Even as the National Investigation Agency (NIA) has clarified that the people associated with the farmers’ protests directly or indirectly were questioned as “witnesses” and not “suspects”, the way they were summoned and questioned seems to be nothing but their harassment and act of threatening them, going by the disclosures made by those who appeared before the NIA’s sleuths.
When the union government under which it works, is beleaguered over the issue of enacting three farm laws, the NIA sent notices in bulk to Punjab based farmer leaders, social crusaders, Sikh activists, writers, journalists, and even bus transporters who are supporting the agitation with their own ways, on January 15 and 16.
In the notices, they were asked to appear before the personnel of the NIA at its headquarters at New Delhi to answer certain questions related to a case registered against Gurpatwant Singh Pannu, legal advisor of the Sikhs For Justice (SFJ), a pro-Khalistan organization which is banned in India, and his aides under sections of sedition charges and Unlawful Activities (Prevention) Act (UAPA).
After the NIA and the union government came under fire over issuing these notices, some newspapers published a clarification of the NIA. “We have no plans to harass any activist or farm leader. We are just seeking some clarification regarding certain information we have,” one of the officers told The Hindustan Times.
“The NIA is giving false clarification. This is not a way to question the people if the agency considers them witnesses in the case. If it had certain queries, why its teams didn’t reach out to these people at their respective locations in Punjab?. They could have sent its sleuths deputed at Chandigarh. Or the persons could have been called at Chandigarh office which is close to their residences comparatively,” said legal experts.
Deep Sidhu, a Punjab-based activist said, “India is not a small country. It is not possible for everyone to visit New Delhi. Amritsar is more than 450 km away from New Delhi. Ordering the people to cover such a long distance is not less than mental and physical torture a person. What is this if not harassment of the people?”
Lack of adequate time between delivery of the notice and appearance was another factor that raised eyebrows. Some persons were not given time of even a single day to appear before the personnel. Punjab film actor Deep Sidhu received the notice on January 16 and he was asked to be present in the NIA headquarters the next day.
“As I did not appear, an inspector of NIA called me over the phone the same day in a threatening manner. He asked me why I did not appear that day. When I told him that it was not possible for me to turn up there, he even threatened me saying that they knew the method to take me to their headquarters,” Sidhu said, in a Facebook live video.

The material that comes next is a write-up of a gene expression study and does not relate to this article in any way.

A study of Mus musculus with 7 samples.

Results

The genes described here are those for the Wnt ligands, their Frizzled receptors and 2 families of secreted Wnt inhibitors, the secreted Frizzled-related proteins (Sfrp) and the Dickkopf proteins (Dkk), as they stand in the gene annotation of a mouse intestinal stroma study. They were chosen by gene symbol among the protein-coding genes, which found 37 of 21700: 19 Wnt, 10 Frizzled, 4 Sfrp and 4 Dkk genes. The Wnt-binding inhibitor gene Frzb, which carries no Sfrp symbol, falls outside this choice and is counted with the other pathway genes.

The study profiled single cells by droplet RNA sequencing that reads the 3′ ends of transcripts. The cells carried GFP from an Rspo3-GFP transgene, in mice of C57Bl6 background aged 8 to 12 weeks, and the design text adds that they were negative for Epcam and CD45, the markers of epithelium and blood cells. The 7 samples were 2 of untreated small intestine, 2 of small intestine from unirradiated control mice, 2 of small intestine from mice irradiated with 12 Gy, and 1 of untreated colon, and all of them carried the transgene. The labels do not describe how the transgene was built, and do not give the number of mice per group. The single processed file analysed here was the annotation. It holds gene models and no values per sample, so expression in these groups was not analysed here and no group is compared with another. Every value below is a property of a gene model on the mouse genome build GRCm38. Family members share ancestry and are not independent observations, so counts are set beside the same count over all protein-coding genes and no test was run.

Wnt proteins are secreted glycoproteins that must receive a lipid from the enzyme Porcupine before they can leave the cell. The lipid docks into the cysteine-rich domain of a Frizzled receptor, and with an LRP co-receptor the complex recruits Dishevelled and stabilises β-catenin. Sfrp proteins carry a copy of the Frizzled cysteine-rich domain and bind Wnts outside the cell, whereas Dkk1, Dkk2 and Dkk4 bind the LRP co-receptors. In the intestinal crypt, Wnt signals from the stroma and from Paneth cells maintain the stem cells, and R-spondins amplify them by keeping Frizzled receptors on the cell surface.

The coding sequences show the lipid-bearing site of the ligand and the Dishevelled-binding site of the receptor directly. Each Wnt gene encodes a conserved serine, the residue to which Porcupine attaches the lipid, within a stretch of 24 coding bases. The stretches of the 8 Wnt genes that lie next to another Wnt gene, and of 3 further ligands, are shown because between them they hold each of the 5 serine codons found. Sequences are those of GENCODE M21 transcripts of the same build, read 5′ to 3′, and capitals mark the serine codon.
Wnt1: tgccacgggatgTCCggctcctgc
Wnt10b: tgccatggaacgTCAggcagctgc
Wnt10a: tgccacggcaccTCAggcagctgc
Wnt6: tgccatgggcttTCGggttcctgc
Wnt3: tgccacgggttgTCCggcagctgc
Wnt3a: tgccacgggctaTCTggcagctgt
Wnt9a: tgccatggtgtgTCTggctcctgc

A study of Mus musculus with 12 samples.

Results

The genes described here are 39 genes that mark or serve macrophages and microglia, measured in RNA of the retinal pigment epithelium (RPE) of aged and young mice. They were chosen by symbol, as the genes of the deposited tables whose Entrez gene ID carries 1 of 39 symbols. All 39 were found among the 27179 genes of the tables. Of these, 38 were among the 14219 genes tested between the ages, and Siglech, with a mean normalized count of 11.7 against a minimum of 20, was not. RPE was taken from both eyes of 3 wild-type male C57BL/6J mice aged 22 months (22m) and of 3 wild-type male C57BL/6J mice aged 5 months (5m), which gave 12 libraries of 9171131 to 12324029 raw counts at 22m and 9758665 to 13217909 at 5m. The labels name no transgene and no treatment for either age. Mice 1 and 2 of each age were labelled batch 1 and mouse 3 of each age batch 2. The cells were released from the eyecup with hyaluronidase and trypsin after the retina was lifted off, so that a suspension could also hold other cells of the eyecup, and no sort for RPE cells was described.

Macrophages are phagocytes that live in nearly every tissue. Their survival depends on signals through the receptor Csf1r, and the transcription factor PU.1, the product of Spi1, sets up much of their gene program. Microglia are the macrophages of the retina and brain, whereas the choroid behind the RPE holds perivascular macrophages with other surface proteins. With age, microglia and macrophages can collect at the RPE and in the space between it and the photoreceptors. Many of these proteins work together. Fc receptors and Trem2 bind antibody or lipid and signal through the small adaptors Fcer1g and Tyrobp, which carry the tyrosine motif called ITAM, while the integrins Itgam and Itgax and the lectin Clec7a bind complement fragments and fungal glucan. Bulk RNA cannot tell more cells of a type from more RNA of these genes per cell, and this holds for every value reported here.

A Sikh activist Ranjit Singh, from the former student of Sikh seminary Damdami Taksal, further exposed the attitude of the NIA toward those who were summoned. “I was grilled for as many as nine hours from 11.00 am onwards. They took my cell phone and returned it after 6-7 hours after scanning it. The NIA officer asked me everything about my family and relatives. They even asked me why I am supporting the farmers’ agitation if I am not a farmer,” he said while speaking to Akaal Channel.
He said, “The last 20 minutes were very crucial, during which they threatened me in sweet words. The officer asked me what would be the fate of my wife and children if am put behind the bars”. He said he tried to convince them that he did not indulge in any of the violent activities and work democratically and peacefully, but they did not bother these points.
Prior to getting the notice, Ranjit Singh distributed turbans to the farmers at the site of protests on the borders of Delhi.
“If NIA considers these people “witnesses”, was it fair for it to threaten them?”, an activist asks the union government.
The NIA is India’s counter-terrorist task force. The agency is empowered to deal with terror-related crimes across states without special permission from the states. The Agency came into existence with the enactment of the National Investigation Agency Act 2008 by the Parliament of India on 31 December 2008, which was passed after the deadly 26/11 terror attack in Mumbai.
However, its actions have remained under questions. Of late, its move to summon those who are connected with the farmers’ agitation, has further eroded its credibility and integrity.